What is Significant about the Shire
The Shirewide Heritage Study provided the following statement of heritage significance for the Shire:
- "The Council area retains rare, remarkable and intelligible physical evidence of the earliest roads across the Cumberland Plain to the farms of the Windsor District and northwards to the lower Hawkesbury and the Hunter Valley.
The small farms along the Hawkesbury River from Cattai to Wiseman's Ferry display exceptional evidence of early colonial agriculture on pockets of rich alluvial soil shown in homesteads, outbuildings and drainage. As the Hawkesbury stopped growing wheat 120 years ago there was relatively little building development but traditional farms continued to produce modest crops of vegetables and citrus. As a result the heritage significance of early isolated farms along the river is extremely high.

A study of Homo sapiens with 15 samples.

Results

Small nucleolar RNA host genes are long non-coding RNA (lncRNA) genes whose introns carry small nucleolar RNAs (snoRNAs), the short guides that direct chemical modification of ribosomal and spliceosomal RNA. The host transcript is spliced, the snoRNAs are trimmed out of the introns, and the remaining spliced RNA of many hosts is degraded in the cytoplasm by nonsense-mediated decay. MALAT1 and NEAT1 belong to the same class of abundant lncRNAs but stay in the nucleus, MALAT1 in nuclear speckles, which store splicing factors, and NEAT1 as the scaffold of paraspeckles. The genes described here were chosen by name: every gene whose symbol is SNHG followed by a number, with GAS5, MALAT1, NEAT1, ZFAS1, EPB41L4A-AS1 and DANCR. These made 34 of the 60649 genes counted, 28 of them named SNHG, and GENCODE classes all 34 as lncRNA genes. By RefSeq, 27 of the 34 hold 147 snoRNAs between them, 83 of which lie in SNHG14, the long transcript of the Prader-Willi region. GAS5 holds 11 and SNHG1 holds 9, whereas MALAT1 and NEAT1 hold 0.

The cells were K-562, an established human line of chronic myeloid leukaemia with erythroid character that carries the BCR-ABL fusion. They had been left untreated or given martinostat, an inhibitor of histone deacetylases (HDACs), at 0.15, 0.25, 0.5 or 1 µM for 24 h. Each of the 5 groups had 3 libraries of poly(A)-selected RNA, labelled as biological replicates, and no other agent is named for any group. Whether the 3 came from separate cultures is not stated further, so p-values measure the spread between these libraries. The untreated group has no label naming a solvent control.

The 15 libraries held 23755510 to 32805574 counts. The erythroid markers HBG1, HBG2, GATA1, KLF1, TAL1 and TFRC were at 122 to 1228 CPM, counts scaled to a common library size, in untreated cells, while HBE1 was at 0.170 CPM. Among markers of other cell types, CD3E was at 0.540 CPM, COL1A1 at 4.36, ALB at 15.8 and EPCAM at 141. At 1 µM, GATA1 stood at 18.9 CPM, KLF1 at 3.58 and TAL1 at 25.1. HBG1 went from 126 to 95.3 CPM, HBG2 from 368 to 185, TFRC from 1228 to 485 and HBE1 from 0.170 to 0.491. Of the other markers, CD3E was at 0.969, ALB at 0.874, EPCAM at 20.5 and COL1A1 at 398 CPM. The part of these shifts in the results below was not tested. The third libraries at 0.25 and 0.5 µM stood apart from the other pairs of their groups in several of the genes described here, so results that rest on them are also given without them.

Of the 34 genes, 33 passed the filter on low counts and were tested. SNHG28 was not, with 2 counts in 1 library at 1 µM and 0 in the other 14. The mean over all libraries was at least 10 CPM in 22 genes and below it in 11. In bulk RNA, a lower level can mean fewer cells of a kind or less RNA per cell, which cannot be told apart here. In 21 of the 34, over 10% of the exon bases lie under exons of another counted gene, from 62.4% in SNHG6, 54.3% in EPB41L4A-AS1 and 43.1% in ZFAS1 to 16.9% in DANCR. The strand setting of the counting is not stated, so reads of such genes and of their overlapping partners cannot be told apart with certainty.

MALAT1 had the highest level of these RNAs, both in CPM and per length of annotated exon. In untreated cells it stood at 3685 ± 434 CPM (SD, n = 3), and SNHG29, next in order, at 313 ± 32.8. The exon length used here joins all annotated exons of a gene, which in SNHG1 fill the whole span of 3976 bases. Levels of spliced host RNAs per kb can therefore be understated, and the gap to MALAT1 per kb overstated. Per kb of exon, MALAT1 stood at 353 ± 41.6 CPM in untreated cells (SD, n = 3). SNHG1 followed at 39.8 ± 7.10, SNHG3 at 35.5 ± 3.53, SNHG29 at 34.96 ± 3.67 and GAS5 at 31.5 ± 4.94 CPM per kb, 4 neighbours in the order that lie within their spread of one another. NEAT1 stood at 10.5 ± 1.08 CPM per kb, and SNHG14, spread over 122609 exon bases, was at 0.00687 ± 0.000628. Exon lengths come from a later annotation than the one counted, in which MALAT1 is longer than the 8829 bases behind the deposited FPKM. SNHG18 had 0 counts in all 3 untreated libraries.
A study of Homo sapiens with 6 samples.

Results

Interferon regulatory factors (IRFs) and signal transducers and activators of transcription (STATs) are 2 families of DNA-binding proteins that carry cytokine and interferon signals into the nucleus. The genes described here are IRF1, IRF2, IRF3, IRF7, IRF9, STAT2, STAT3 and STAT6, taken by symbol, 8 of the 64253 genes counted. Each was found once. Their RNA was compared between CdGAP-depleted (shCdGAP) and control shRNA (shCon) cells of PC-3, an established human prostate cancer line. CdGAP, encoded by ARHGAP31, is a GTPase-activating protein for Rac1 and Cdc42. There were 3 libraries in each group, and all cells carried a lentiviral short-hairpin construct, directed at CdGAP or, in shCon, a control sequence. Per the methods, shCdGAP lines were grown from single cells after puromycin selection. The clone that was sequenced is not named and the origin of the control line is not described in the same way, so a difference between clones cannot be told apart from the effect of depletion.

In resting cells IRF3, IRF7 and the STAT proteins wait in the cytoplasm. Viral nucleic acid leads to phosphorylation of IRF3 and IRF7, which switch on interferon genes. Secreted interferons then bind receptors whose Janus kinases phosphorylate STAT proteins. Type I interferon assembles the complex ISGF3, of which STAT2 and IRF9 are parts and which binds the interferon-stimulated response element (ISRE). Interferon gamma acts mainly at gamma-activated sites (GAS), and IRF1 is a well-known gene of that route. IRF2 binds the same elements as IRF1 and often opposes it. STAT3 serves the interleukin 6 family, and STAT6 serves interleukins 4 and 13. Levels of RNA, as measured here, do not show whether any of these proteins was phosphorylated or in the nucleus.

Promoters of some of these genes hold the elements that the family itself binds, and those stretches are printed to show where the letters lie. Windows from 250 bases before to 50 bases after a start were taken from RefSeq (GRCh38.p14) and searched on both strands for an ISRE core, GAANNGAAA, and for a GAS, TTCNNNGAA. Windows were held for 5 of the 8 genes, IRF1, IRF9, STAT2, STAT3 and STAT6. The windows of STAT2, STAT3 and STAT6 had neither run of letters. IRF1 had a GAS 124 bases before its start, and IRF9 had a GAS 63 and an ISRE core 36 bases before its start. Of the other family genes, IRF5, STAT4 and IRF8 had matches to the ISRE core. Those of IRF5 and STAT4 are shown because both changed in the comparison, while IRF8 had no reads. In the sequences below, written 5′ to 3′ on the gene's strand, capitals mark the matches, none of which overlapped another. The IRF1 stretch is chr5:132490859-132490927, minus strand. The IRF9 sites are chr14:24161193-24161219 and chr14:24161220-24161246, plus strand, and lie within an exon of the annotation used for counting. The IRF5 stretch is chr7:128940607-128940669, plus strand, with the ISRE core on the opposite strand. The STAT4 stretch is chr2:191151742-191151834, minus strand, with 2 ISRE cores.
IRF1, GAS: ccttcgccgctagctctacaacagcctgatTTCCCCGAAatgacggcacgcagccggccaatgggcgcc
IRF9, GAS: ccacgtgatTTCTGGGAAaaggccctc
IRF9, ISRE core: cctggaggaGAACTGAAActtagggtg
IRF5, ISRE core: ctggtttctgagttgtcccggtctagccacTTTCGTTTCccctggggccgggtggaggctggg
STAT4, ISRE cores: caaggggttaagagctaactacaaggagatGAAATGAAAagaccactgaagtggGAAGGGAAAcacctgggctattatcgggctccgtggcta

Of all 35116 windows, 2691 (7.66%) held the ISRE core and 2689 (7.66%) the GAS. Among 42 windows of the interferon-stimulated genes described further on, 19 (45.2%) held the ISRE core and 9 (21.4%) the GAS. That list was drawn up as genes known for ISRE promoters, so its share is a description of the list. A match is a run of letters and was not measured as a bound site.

- Baulkham Hills was the first area beyond Parramatta to be developed by orchardists. From 1800 onwards the expert pioneering work of George Suttor and William Mobbs demonstrated a high suitability of the ridges for citrus and stone fruit. By the late Victorian and Edwardian penods of sub-division, orcharding extended vigorously northwards to Dural, Glenorie and Wisemans Ferry, encouraged the building of a rail link to Parramatta and remained a potent part of the area's economy and visual impact until very recently.
- Country retreats on the ridges, cool in the Sydney summer, became a striking feature of the area from the 1880's onwards. This was a natural extension of the interest in tourism and created Arcadian properties set in bushland or among orchards. These houses, more permanently occupied than the better known equivalent at Mount Wilson, not only changed the built environment but also encouraged local philanthropy and the building of amenities such as the Burnside Homes, the Masonic Homes or St Paul's Anglican Church at Castle Hill".